If you were to guess that private foundations with Catholic interests spend much of their time and money on parochial schools, helping the Catholic Church welcome new immigrant families, or finding new candidates to replace aging clergy and nuns, you would be on target.
You would also be correct if you presumed that a number of these foundations in one fashion or another are supporting programs in the defense and protection of life. The belief that all human beings are made in God’s image stands as one of the core tenets of the Catholic faith and finds itself reflected in Catholic-oriented philanthropy.
You might be surprised to find a private foundation with Catholic interests like the ones just described supporting an organization that advocates abortion. In fact, in the 20 years I have worked closely with some of the largest foundations with Catholic interests, I have not found one of them doing this.
How then is it that Catholics For a Free Choice, ostensibly a religious organization, enjoys a yearly avalanche of grant support from private foundations? Supporters of CFFC include the Ford, MacArthur, Rockefeller, Public Welfare, William and Flora Hewlett, David and Lucile Packard, and Buffet foundations.
It’s difficult to draw hard and fast conclusions about CFFC’s funders, since the organization has a policy of not releasing donor information—claiming that contributors will be harassed or threatened.
A review of major grants, from sources including the Foundation Center’s grants index, shows an organization without a single major supporter whose program focus is Catholic philanthropy. Some of CFFC’s funders even state flatly that they don’t fund any religiously oriented programs.
One looks in vain at these organizations’ program areas for evidence of meaningful support of parochial schools, retired nuns, Catholic missions, religious vocations work, or parish ministry-the areas that are the meat and potatoes of Catholic philanthropy today.
What’s wrong, one may ask, with foundations supporting an organization that is only organizing conscientious dissent from Catholic religious teaching?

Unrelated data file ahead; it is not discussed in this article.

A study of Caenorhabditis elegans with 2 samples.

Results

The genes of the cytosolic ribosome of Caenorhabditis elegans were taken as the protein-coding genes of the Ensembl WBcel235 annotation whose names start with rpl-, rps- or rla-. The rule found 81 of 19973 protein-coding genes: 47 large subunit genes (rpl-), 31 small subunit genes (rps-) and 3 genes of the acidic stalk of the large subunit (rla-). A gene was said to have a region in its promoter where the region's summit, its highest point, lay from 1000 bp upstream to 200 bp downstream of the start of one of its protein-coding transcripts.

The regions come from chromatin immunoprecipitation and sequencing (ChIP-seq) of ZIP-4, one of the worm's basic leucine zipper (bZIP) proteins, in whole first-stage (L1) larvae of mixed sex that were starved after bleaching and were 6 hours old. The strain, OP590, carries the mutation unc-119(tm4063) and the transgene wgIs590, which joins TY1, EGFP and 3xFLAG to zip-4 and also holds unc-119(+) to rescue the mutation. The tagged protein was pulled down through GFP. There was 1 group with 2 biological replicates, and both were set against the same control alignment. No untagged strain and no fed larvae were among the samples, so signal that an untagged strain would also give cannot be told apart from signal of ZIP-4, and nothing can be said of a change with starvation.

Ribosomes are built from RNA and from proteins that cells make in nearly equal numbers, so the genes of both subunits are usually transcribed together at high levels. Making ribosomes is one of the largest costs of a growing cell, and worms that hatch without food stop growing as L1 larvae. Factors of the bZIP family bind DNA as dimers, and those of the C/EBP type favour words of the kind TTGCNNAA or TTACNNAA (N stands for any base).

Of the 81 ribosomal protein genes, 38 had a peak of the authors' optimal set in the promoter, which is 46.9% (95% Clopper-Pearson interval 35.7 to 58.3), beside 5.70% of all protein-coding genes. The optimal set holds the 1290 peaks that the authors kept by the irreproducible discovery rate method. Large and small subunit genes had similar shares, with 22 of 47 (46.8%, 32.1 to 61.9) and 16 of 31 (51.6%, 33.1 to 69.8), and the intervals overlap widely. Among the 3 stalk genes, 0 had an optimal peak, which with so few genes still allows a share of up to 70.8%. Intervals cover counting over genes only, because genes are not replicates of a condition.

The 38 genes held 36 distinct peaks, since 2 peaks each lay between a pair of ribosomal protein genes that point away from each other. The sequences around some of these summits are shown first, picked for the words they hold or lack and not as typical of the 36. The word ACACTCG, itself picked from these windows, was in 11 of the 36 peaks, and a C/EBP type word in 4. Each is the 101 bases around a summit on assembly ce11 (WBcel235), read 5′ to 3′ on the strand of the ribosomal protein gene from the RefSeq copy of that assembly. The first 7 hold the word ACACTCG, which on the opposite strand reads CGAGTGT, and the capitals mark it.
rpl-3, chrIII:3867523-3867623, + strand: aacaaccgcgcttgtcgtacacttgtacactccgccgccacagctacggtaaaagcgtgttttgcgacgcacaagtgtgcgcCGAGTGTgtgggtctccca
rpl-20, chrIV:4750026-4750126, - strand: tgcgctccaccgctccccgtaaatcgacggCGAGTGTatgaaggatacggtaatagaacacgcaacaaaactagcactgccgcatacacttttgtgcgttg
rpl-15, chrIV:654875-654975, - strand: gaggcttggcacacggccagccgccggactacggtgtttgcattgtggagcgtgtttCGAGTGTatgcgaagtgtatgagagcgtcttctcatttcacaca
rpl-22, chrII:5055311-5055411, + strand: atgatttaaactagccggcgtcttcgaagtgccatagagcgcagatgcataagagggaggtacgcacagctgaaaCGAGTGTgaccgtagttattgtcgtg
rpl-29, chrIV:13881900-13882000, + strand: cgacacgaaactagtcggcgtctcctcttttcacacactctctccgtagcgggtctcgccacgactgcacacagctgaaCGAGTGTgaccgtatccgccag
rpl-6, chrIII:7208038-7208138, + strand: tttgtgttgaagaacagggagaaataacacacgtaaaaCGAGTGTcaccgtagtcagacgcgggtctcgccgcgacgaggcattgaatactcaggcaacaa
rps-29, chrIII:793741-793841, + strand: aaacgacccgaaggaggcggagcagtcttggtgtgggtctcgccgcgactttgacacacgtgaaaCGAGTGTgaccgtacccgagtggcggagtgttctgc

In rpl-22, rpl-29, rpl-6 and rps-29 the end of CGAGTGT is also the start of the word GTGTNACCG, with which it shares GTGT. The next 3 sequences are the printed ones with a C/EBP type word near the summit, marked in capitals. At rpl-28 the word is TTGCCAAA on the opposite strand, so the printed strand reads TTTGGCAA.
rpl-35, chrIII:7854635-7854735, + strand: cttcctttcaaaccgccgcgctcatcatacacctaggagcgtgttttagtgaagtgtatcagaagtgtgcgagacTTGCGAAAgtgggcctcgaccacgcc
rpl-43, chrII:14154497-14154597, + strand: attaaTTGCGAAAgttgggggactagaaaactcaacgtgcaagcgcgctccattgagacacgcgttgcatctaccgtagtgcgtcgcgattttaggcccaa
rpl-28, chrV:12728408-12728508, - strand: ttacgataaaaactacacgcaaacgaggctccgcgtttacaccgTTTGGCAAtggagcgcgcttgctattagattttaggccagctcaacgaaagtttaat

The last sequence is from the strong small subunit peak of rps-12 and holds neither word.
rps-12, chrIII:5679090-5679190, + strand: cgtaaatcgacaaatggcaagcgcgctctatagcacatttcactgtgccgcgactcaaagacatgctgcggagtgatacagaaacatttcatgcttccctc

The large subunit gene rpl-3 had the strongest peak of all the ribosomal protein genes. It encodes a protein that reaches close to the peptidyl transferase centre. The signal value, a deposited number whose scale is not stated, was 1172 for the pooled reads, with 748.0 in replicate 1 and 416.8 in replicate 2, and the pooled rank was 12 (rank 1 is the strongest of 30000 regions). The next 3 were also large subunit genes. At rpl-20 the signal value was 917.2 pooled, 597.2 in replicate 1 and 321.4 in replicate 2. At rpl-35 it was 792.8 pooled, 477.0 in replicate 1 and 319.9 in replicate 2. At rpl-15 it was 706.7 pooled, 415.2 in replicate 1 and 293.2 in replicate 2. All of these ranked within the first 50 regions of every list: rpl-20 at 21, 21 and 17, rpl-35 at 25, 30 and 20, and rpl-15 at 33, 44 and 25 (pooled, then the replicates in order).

Arguably, nothing. The trouble is that CFFC does more than foment theological or moral dissent. It has been trying to muzzle the Catholic Church herself and has marshaled the support of its backers in order to silence the moral voice of the Holy See at the United Nations. Among other things, CFFC wants to downgrade the Catholic Church’s status as a Permanent U.N. Observer. The group’s glossy media campaign, called “See Change,” advances religious intolerance to a new level.
Larger foundations are famously allergic to the world of religion. In fact, less than 2 percent of the total $20 billion in annual giving by foundations is even remotely religious in nature.
Nonetheless, a few American foundations do tread in the world of religion. Large philanthropies including the Lilly Endowment, the Pew Charitable Trusts, and the Templeton Foundation all operate in religious environments. Their boards know that religion can be a cohesive and healing element in society, one that anchors America to traditional moral values, and their grants reflect this.
The foundations backing CFFC are deeply at odds with this type of constructive collaboration. By giving to CFFC, they show that their only use for religious belief is as a wedge-a means to advance an ideological agenda under the guise of religious dissent.
American foundations are free to continue to advance whatever cause they choose. We live in a liberal democracy, and, to be blunt, it’s their money. But chipping away at the trust and confidence that Americans have traditionally placed in their religious institutions is no way to advance a cause. The most likely consequence of this breed of philanthropy will be to weaken the vibrancy of our faith communities and leave us as less of a nation in consequence.
Francis Butler is president of Foundations and Donors Interested in Catholic Activities (FADICA), a Washington, D.C.-based association of private foundations.